Exclusive Access, Inclusive Growth


Exclusive Access, Inclusive Growth

Corp Gov


The lure of quick returns: how some “SmartOwners” got stuck in not-so-smart bets on Bengaluru realty

Well-heeled NRIs have put in crores in SmartOwner’s Bengaluru projects on the promise of over 24% return. Acting through an online interface, they bought properties expecting quick exits. But with a challenging macro environment, cracks are beginning to appear. While SmartOwner admits to delays in projects, with nearly INR800 crore riding on them, it denies any breach of contract.

Policy and regulations

The IBC puzzle: new provisions stir confusion, mar Covid-19 relief for insolvency stakeholders

Over four months into the pandemic, the insolvency ecosystem is still struggling with the ambiguities in the notification that increased the default trigger to INR1 crore from INR1 lakh earlier. An ordinance that came two months later has not put the matter to rest. As debtors and creditors play a cat-and-mouse game, confusion prevails.

Policy and regulations

Sustainability scorecard: Top NSE companies understand the letter of the law better than its spirit

Compliances and disclosures in the area of governance seem far better than in environment and social, where rules are yet to be codified. ESG (environment, social, and governance) standards and processes, therefore, need to be uniform and implemented well for companies to ensure long-term sustainability and enjoy high levels of investor confidence. Voluntary disclosures don’t work.


The pandemic ruins Uday Kotak’s resolution plans for IL&FS. It’s a long and hard road ahead.

Uday Kotak was confident of recovering half of IL&FS’s INR94,000 crore debt by March 2020. But his plans lie in tatters, a victim of the rampaging pandemic. Kotak’s second term as chairman ends soon and the IL&FS board must consider the new realities. Kotak tells ET Prime a review is on the cards. It’s a test case for India’s troubled financial sector.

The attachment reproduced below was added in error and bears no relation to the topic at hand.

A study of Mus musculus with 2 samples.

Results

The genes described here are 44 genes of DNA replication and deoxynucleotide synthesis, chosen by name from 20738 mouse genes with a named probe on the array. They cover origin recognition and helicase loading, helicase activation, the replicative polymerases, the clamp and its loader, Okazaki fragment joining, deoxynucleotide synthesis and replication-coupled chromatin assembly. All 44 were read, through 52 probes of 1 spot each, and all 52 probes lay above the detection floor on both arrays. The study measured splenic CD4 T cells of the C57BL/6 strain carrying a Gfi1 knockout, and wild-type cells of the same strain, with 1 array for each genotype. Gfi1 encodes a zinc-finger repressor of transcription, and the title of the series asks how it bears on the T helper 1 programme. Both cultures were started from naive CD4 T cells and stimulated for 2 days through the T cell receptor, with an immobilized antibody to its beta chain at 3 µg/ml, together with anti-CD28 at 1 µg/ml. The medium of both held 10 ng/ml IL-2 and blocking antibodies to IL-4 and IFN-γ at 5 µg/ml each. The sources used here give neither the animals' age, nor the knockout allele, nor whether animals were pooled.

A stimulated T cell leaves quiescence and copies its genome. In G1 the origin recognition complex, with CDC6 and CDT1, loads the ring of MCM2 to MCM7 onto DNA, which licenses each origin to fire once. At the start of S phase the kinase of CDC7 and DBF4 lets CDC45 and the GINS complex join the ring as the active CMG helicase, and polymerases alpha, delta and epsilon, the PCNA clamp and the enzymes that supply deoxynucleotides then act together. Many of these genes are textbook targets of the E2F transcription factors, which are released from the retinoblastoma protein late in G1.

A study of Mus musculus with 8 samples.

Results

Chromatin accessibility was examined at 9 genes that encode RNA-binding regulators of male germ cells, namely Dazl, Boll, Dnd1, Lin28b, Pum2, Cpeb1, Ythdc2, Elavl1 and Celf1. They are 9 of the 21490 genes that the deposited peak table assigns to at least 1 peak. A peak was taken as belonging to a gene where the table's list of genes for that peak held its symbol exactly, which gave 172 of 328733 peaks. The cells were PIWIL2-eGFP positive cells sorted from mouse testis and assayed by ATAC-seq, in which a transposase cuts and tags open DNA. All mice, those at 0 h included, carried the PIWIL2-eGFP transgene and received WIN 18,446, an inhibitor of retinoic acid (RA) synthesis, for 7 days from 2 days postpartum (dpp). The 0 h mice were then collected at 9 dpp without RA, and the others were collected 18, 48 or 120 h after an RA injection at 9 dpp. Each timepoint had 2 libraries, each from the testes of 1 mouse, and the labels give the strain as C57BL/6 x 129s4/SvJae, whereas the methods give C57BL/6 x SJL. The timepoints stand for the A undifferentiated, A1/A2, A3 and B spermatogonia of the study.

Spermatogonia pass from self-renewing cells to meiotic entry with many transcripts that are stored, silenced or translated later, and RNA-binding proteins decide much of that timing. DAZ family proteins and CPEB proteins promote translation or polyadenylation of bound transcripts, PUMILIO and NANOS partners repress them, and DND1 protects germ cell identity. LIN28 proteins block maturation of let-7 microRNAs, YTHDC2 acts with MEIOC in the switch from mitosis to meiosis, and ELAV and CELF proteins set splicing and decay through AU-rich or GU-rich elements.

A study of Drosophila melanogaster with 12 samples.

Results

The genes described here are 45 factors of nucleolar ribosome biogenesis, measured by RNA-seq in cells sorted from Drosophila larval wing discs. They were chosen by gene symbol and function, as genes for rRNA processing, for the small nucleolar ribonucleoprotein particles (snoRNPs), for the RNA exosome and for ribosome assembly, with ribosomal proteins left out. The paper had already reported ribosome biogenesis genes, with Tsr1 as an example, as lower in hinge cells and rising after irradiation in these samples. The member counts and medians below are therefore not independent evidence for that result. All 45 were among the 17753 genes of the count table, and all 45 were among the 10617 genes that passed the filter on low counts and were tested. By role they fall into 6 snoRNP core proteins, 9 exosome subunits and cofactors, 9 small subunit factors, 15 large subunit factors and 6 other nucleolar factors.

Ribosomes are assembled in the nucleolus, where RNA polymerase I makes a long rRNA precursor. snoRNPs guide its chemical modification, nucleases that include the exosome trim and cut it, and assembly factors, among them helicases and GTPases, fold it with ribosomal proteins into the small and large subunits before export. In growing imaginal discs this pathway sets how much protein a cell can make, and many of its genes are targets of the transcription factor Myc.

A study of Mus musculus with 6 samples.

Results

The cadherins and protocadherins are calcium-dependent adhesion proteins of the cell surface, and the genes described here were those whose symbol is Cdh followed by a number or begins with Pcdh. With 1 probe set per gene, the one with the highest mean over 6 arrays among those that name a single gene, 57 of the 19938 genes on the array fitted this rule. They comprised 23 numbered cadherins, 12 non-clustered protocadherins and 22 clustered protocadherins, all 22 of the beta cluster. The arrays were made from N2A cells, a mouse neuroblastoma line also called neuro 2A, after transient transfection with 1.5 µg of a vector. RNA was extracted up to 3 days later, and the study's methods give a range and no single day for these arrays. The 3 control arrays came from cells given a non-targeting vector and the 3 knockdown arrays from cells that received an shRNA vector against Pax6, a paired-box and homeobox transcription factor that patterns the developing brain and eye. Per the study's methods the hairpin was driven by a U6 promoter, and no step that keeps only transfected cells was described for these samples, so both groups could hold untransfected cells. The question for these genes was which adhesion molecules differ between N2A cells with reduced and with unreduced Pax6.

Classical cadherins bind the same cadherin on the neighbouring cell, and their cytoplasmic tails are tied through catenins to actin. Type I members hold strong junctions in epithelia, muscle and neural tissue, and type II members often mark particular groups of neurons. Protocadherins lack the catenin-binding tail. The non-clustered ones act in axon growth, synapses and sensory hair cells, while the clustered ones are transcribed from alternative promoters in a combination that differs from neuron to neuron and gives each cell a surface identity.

Board Matters

Regulations give women a presence on company boards. But the glass ceiling remains unbroken.

Although regulations have helped corporate India to kick-start the gender diversity agenda in boardrooms, it seems more an enforced development than out of the belief that diversity adds value. Women still only have token presence on boards, and companies must take the initiative in making gender equality a natural outcome. Indeed, the glass ceiling remains intact in India, and globally.


Fresh twist in realty NBFC Altico’s resolution. Corporate-governance concerns cloud suitor SSG Capital.

Altico’s lenders had cleared SSG’s proposal last month and sent it to RBI for final approval. But its management and staff have written to the central bank about some legal proceedings against the acquirer, casting a shadow over its “fit and proper” status under the law. Employees are also worried that SSG might wind down the business, jeopardising their jobs.

Corporate Affairs

God (or Devil) is in the detail: how one clause can give companies more grief during this crisis

Can the force majeure or Act of God clause for a standard contract and the material adversity clause for an M&A become a potential deal-breaker during Covid-19? ET Prime got in touch with a legal firm and an investment banker to break down the possible impact of these clauses. We also considered the possible solutions.


The crisis at NCLAT: why speedy resolution of corporate disputes is beyond reach

An interim chief, infrastructural constraints, and thousands of pending cases — the National Company Law Appellate Tribunal is weighed down by numerous challenges. Stakeholders say that even the latest step of notifying a new bench at Chennai is unlikely to bring immediate relief. It’s a crisis of sorts for the judicial system for resolving corporate disputes.

Policy and regulations

Thermometers can’t prevent heart attacks: Big Four flay proposals on ‘dominance’, joint audit

Deloitte, KPMG, and other large firms oppose most of the key measures proposed in a controversial discussion paper floated by the Ministry of Corporate Affairs last month. The auditors say the focus should be on making the smaller firms big and improving quality, rather than breaking down the bigger ones through limits and quotas.